Hi Dr. Nick | Issue 14

Hi Dr. Nick | Issue 14

Mite-y Itchy

Hi everybody,

Before the break, one of the halls had a bit of a problem with the ol’ scabies mite. In the interest of college confidentiality, I won’t go naming names, but it’s on a hill and full of pretentious bell-ends, which narrows it down to at least four.

Scabies (“the itch”) is an infestation of around 12-15 mites similar to lice. They don’t live in your freshly manscaped fun-zone though, preferring instead to burrow into your skin and set up shop there. As with most of life’s problems, the female is to blame; she burrows deeper than the males and shits where the immune system can see it. This buried poo then sets up an allergic reaction and you itch like mad as a result.

Diagnosing scabies is pretty easy. The itch is pretty characteristic – intense, worst at night and generally in areas where skin-to-skin contact occurs (fingers/hands, trunk, genitals) – and there’s usually a rash. Sometimes if you look hard enough you can see the characteristic burrow marks where the mite’s been, and if nothing else you can take a small skin biopsy.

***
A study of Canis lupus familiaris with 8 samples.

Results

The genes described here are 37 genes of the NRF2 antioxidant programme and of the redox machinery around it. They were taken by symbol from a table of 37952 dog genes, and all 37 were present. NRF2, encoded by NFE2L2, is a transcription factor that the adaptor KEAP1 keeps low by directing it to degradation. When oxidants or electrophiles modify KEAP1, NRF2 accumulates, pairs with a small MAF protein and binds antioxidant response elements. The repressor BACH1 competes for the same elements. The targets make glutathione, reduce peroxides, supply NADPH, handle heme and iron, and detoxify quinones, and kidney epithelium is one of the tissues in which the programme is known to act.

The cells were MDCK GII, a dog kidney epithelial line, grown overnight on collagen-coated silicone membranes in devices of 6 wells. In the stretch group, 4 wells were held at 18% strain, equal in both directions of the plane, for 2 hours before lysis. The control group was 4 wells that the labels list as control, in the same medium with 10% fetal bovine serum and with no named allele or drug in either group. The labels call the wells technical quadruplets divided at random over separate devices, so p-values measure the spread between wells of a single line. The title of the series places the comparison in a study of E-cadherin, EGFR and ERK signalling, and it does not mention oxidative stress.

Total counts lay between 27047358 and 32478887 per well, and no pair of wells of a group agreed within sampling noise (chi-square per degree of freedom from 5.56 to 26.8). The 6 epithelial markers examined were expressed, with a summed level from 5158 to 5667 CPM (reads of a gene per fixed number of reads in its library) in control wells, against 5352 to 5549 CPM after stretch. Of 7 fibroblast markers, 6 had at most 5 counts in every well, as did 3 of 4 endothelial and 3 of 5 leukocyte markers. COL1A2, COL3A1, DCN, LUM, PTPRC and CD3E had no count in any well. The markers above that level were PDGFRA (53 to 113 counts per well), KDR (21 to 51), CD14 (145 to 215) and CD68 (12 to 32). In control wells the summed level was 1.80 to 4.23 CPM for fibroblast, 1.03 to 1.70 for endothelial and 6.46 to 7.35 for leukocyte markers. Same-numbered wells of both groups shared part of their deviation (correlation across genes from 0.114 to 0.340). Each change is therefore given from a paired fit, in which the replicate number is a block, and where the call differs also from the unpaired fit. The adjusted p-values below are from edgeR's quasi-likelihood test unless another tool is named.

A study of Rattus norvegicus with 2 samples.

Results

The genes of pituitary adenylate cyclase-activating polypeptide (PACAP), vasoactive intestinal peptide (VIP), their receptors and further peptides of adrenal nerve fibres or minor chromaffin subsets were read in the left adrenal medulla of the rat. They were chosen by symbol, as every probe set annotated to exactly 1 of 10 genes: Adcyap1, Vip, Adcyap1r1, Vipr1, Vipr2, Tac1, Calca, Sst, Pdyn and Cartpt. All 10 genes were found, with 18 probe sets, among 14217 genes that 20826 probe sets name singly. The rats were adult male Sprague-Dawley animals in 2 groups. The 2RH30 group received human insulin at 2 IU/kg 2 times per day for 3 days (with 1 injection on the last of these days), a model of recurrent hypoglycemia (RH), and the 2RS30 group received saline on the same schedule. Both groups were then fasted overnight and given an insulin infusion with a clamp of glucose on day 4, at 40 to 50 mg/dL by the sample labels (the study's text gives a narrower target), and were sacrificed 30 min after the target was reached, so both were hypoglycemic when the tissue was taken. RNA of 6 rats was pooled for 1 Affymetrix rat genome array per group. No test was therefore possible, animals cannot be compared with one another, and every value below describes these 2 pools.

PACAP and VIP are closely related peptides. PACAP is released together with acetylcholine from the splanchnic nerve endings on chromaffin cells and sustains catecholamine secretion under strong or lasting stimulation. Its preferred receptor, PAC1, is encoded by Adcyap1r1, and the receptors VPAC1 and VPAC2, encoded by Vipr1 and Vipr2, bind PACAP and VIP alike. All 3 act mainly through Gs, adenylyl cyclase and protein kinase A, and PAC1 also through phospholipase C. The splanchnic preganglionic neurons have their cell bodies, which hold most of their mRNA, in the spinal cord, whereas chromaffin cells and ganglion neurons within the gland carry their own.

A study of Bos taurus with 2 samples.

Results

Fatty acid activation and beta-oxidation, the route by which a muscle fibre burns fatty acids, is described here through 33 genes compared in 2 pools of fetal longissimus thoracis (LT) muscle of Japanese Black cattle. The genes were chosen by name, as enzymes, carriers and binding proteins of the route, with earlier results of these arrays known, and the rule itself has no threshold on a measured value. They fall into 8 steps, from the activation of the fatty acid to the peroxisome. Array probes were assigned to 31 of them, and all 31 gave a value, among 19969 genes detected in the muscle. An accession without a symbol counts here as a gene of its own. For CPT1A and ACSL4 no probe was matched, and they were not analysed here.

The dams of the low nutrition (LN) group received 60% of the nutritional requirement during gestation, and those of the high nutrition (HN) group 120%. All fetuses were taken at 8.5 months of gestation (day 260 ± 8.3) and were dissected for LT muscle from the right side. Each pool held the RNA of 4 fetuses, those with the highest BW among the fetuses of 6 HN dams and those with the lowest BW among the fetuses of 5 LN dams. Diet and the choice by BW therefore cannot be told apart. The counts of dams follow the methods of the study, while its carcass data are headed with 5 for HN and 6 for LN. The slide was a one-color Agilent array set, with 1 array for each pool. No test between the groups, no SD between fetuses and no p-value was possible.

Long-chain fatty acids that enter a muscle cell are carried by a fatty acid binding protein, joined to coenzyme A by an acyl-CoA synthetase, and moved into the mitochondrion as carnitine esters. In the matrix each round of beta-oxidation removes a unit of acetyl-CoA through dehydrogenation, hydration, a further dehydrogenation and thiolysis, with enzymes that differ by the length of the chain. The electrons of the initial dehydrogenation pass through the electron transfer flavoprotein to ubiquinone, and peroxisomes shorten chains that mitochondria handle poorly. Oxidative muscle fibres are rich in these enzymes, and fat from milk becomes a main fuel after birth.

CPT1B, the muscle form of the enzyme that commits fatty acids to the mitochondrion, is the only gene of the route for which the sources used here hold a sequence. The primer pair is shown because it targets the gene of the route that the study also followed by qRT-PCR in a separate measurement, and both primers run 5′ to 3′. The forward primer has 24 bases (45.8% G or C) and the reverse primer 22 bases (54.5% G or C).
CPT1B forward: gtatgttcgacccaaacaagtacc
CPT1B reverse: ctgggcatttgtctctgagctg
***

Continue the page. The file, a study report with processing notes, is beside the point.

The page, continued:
Treating scabies is significantly harder. See, it takes the immune system a bit to work out that a bug has shat in your skin so people who have never had scabies before don’t get symptoms until about a month after they’re infected. This means that when you treat somebody for scabies, you’ve got to assume everybody who lives with them and has had skin-to-skin contact with them is also infected.

There’s no over-the-counter fix for scabies and the mites won’t just pack up and leave on their own. To get rid of them it’s a doctor’s trip, treating all suspected infested people and giving the place a decent clean. The mite usually only lives for about 24-36 hours outside of the body, but survives significantly longer in cold temperatures. Basically anywhere people live that’s cold and tends to involve prolonged skin-to-skin contact (giggity) is a great place for the scabies mite. Hence the itchy knobs on the hill.
This article first appeared in Issue 14, 2013.
Posted 6:05pm Sunday 7th July 2013 by Dr. Nick.